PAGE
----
Retail working in a mask standing behind an open sign

Marin County Home Consignment Center Worker Wins $1.3 Million in COVID-19 Whistleblower Lawsuit

People often think of whistleblowing in relation to exposing a major scandal or government wrongdoing. However, being a whistleblower does not always have to be so dramatic in the context of workplace issues.

A whistleblower is a worker who reports workplace activities that they believe are illegal. Whistleblowing can occur in a variety of ways. An employee may speak up about unpaid wages, a supervisor’s misconduct, discrimination based on protected characteristics under California law, unsafe working conditions, or an employer’s labor law violations.

State law protects whistleblowers from retaliation when they report alleged unlawful acts committed by their employer. When an employer retaliates against a worker through wrongful termination or other negative actions, the worker can sue for retaliation. If the lawsuit is successful, the employee may recover compensation for emotional distress as well as punitive damages in certain cases.

A recent lawsuit centered on an employee who was concerned about his employer’s violations of COVID-19 regulations during the onset of the pandemic in early 2020. He suffered wrongful termination in retaliation for speaking up about what he believed was a threat to the safety of coworkers and customers.

A Marin County jury awarded nearly $1.3 million to a former salesperson at the Home Consignment Center in San Rafael, California. He received $250,000 for emotional distress and $1 million in punitive damages. The whistleblower lawsuit was filed in August 2021.

James Caldwell, 59, claimed he was wrongfully terminated in 2020 after speaking up about his employer’s alleged violations of COVID-19 safety regulations. He was also not paid for all the time he worked. “I lost my job for doing what was right,” said Caldwell, who was employed at the Home Consignment Center for 11 years.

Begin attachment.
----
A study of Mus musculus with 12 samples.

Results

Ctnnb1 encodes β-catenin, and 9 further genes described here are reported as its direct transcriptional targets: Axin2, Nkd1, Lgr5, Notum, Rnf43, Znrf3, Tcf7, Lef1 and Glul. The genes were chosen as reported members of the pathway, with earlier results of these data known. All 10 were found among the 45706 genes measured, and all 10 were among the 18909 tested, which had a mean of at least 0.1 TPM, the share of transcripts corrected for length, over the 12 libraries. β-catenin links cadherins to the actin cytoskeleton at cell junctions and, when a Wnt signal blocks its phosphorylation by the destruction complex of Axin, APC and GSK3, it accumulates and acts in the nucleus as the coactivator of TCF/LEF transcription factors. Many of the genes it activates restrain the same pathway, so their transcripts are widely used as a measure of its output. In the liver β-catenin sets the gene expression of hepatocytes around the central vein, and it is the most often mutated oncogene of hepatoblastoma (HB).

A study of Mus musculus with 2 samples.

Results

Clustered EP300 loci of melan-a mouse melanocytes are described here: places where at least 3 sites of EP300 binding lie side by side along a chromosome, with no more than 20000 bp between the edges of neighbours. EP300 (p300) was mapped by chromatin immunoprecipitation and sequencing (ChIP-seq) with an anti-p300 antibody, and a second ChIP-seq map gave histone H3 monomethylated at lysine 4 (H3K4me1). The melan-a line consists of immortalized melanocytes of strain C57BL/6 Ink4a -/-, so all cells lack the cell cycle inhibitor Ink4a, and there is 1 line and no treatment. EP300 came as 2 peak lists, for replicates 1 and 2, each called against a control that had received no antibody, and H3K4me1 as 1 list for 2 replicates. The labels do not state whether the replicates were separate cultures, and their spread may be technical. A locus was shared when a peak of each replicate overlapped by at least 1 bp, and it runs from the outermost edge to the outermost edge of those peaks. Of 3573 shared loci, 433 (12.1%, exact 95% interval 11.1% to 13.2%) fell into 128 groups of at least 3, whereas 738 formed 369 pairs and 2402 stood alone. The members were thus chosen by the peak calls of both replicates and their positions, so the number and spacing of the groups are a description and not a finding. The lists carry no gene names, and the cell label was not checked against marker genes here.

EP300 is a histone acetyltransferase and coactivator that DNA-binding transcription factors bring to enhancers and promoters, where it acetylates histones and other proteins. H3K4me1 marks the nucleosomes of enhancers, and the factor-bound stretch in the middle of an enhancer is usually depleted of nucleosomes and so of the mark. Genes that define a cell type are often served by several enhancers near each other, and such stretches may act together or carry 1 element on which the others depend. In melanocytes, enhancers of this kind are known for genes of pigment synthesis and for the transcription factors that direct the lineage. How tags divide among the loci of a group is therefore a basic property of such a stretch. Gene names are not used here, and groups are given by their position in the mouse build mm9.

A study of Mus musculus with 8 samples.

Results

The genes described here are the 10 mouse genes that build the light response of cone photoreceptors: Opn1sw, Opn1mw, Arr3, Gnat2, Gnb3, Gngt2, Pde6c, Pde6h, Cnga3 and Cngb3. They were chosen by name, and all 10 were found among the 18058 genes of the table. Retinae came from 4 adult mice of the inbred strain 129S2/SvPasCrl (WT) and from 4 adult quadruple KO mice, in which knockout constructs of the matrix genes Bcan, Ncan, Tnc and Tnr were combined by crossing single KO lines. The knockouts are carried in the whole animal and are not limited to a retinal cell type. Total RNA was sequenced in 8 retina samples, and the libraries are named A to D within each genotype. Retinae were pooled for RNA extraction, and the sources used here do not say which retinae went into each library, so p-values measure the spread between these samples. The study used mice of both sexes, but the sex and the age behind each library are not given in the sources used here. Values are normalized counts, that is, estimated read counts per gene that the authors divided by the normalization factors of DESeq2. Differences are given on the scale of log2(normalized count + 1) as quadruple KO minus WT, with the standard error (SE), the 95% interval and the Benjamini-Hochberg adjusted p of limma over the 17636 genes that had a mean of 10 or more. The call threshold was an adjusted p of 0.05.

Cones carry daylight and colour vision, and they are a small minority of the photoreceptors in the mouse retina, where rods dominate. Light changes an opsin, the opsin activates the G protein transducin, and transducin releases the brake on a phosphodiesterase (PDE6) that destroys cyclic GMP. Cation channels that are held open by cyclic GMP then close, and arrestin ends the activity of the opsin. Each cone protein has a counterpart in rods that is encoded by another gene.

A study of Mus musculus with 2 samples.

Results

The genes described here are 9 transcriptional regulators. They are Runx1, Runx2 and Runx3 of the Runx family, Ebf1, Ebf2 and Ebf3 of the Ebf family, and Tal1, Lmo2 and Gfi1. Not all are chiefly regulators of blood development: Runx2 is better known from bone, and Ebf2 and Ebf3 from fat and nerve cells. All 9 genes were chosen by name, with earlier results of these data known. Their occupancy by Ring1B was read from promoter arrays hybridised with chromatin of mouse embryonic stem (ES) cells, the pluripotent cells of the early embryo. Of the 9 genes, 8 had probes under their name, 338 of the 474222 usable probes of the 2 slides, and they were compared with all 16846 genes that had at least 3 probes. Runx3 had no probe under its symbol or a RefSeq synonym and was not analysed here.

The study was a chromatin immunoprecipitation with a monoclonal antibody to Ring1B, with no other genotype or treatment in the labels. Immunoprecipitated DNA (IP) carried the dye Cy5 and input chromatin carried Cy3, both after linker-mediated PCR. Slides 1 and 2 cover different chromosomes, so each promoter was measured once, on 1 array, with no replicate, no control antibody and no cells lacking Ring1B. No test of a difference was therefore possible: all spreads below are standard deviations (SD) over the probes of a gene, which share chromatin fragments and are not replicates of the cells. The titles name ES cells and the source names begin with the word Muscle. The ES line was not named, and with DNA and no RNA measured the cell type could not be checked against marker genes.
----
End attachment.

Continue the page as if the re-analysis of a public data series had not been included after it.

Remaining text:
Home Consignment Center is a furniture and jewelry consignment store with headquarters in Danville and locations across California. The business temporarily closed its stores and laid off many of its workers in March 2020 due to COVID-19 pandemic restrictions.

In May of that year, the company sent an email to Caldwell and his colleagues outlining the store’s plans for reopening and rehiring workers. Those who were interested in returning to work were told to contact the personnel department, which Caldwell proceeded to do.

Caldwell offered to help at the San Rafael store a few days before its official reopening date in early June. During his around two and a half hours in the showroom, he arranged merchandise displays and removed furniture coverings. According to the lawsuit, that was when he heard the store manager remark that the store might get closed.

Caldwell began questioning whether the store was following Marin County’s rules for reopening. Upon checking the county health department’s website, he found that businesses such as Home Consignment Center were only allowed to operate curbside. 

Caldwell became worried that his employer was violating the law by operating outside the county’s pandemic safety regulations. The lawsuit said that he was concerned about the Home Consignment Center asking employees to come back to work in an open showroom. Staff would come into close contact with customers without a plan in place to protect them from COVID-19 infections. 

When Caldwell brought up his concerns to the store manager, they were dismissed. He was told that there would only be written communication between them going forward.

The next day, Caldwell sent a detailed email to the Home Consignment Center’s human resources department outlining his concerns. A few days later, he got a response from one of the store owners. According to the lawsuit, the email said, “At the moment, we do not have a good position for you. We will notify you when and if that changes.”

After that, Caldwell continued to contact his employer, expressing his interest in returning to work. However, Home Consignment Center did not offer to rehire Caldwell even though there were open sales positions available. 

During the onset of the pandemic, Marin County passed an ordinance that set out penalties for public health order violations. Additionally, the county established a system for residents to report businesses suspected of violating pandemic-related health orders. Caldwell said he did not know about the reporting system at the time.

One key aspect of whistleblower laws is that a worker should have a reasonable, good-faith belief that what they are reporting is, in fact, unlawful. Even if a subsequent investigation fails to find any evidence of an employer’s alleged illegal activities, whistleblowers are still shielded from retaliation if their complaint was made in good faith. When examining the Home Consignment Center case, it is possible to see that Caldwell expressed valid concerns about his employer’s potential COVID-19 health and safety violations.

If you suspect your employer has retaliated against you for your whistleblowing activities, you need an experienced employment lawyer in your corner. Contact McCormack Law Firm to discuss your situation with a skilled San Francisco employment attorney. We will help you understand your rights and options for resolving your case.